Gemstar Bookkeeping Prolongs Stock Woes


Gemstar's share price plummeted 37 percent last Tuesday, after the company disclosed it had recognized $107.6 million in revenue from Scientific-Atlanta Inc. during the past 29 months — even though Gemstar is battling S-A in the courts and no longer collects any money from the set-top vendor.

CEO Henry Yuen defended the practice, saying the patent-infringement suits Gemstar has filed against S-A at the International Trade Commission and in a U.S. court in Atlanta would eventually yield that money.

"We feel the likelihood of non-collection to be minimal," Yuen said.

Gemstar decided to reveal its S-A accounting moves now because the Securities and Exchange Commission "has recently pushed for increased disclosure," Yuen added.

Gemstar had been banking that an initial determination in the ITC case — originally scheduled for release last month — would drive sales of its interactive-program guide, TV Guide Interactive.

News that Gemstar had counted S-A revenue on its balance sheet was somewhat striking, considering that during the ITC's hearing in December, Yuen himself had testified that S-A was not cooperating with Gemstar. Yuen told the ITC that S-A CEO Jim McDonald had told his company the box maker would refuse to port TV Guide Interactive to its set-tops until Gemstar called off its team of patent lawyers.

"Unless the lawsuits are unilaterally dismissed by Gemstar, they [S-A] will not cooperate," Yuen testified.

But the administrative law judge overseeing the case delayed the decision until June.

Analysts also expressed some concern after Gemstar disclosed that $20.8 million of its IPG ad revenue was non-cash and came from a barter deal it made last year with Fantasy Sports.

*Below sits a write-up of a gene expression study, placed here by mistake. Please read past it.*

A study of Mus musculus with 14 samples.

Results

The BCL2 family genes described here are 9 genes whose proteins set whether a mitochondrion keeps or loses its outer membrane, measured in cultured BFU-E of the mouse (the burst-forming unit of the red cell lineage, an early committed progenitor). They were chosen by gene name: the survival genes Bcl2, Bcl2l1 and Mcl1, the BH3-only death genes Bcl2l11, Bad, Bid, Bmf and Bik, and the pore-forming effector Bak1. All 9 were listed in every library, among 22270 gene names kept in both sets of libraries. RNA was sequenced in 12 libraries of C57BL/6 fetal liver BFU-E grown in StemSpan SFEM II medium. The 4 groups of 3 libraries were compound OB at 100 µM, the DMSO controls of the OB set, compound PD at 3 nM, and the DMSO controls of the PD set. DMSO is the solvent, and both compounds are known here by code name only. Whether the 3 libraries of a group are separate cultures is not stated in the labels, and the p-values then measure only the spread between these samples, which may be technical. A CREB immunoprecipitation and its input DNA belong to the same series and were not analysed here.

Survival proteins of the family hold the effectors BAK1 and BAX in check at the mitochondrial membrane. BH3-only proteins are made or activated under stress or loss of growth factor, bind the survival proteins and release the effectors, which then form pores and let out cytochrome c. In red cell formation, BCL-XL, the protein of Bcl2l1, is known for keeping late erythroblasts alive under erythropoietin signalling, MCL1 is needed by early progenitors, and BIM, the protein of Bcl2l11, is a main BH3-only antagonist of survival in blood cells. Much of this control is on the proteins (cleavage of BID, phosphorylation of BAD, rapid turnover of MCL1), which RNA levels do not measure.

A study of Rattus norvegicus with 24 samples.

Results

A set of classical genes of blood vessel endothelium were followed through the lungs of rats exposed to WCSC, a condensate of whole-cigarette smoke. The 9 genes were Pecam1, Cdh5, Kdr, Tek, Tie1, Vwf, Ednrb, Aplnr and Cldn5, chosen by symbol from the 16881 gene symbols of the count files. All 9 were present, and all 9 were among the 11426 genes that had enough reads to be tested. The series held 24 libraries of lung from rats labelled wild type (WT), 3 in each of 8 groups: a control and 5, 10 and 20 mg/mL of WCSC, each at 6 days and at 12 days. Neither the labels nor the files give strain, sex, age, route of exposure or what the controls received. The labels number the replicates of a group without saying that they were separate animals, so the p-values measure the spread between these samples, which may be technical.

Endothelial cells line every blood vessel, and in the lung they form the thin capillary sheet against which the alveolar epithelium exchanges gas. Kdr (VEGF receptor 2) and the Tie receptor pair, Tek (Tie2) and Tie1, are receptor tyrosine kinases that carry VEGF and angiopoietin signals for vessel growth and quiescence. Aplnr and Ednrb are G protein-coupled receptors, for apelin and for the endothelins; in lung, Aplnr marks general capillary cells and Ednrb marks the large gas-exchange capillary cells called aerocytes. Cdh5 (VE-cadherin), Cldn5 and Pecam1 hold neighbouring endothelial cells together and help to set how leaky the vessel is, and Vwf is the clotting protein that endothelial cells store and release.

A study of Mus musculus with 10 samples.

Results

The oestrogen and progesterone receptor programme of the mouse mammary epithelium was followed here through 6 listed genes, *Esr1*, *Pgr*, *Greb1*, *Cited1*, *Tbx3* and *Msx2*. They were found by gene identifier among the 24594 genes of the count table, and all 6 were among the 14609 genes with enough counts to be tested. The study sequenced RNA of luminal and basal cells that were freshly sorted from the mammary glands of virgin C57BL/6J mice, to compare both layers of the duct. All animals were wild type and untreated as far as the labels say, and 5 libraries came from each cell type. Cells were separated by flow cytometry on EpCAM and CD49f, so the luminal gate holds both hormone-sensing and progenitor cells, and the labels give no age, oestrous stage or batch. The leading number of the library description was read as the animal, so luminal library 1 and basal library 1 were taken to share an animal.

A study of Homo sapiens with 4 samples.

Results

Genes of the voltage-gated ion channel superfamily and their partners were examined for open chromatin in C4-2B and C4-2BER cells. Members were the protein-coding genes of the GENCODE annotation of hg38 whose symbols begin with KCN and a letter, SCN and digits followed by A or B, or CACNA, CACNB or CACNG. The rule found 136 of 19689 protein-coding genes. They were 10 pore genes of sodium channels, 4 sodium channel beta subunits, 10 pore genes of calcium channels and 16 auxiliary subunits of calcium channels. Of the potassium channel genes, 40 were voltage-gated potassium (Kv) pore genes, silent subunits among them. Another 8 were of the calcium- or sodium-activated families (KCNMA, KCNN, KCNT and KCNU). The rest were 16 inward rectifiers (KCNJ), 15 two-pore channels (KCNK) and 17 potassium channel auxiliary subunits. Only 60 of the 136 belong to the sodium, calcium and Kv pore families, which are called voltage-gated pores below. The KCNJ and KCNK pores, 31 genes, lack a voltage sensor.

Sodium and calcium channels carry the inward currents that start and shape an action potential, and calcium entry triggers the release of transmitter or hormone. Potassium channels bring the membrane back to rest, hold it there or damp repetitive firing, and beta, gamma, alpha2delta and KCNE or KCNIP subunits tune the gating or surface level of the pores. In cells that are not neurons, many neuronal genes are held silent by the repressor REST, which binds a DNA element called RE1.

Salomon Smith Barney analyst Niraj Gupta said the disclosure "raises further concerns about the quality and integrity of [Gemstar's] reported financial results."

Gupta cut his Gemstar rating from outperform to neutral. It was the second time in two weeks that the analyst downgraded the company.

Before last week's news, Gemstar stock had fallen steadily since March 19. That's the day the ITC announced it would delay the decision in Gemstar's patent-infringement case against S-A, EchoStar Communications Corp., Pioneer Corp. and SCI Systems Inc. A day earlier, Gemstar co-president Peter Boylan had announced his resignation.

CIBC RATING CUT

CIBC World Markets analyst John Corcoran downgraded the stock from buy to hold last week.

Corcoran called Gemstar "aggressive" in its accounting. "We believe Gemstar's accounting treatment of this [S-A] item raises issues that Wall Street did not know existed regarding the revenue growth for Tech & Licensing, the quality of the revenue, the risk to the revenue already recognized and the growth rate of cash flow," he said.

At least two law firms — Milberg Weiss and Wolf Popper — filed class-action suits against Gemstar on Thursday, claiming the company artificially inflated revenue it claimed it received from S-A.

Gemstar released a statement in which it claimed to be in full compliance with securities laws and said it "intends to vigorously defend the actions."

The progress Gemstar has made in TV Guide Interactive integration efforts was overshadowed by the accounting concerns. Gemstar unveiled a plug-and-play ITV offering with WorldGate Communications Corp. and Concurrent Computer Corp.

The product, which Gemstar will make available to MSOs by this summer, could pose a threat to middleware companies Liberate Technologies Inc. and Microsoft Corp., since MSOs will be able to deploy many ITV applications without relying on middleware.

"The industry has bypassed middleware," said WorldGate CEO Hal Krisbergh.

Gemstar senior vice president Todd Walker maintained that the company isn't looking to get into the middleware business, but acknowledged that MSOs which use Gemstar would be able to roll out ITV applications from companies such as WorldGate, Wink Communications Inc., ACTV Inc., ICTV Inc. and SeaChange International Inc. without buying middleware.

Liberate chief strategy officer Dave Limp downplayed the Gemstar threat, noting that any ITV product Gemstar wants to integrate still needs approval from Motorola's Acadia lab, which can be an arduous process.

Gemstar stock closed at $10.87 last Thursday. A month earlier, the stock closed at $20.97.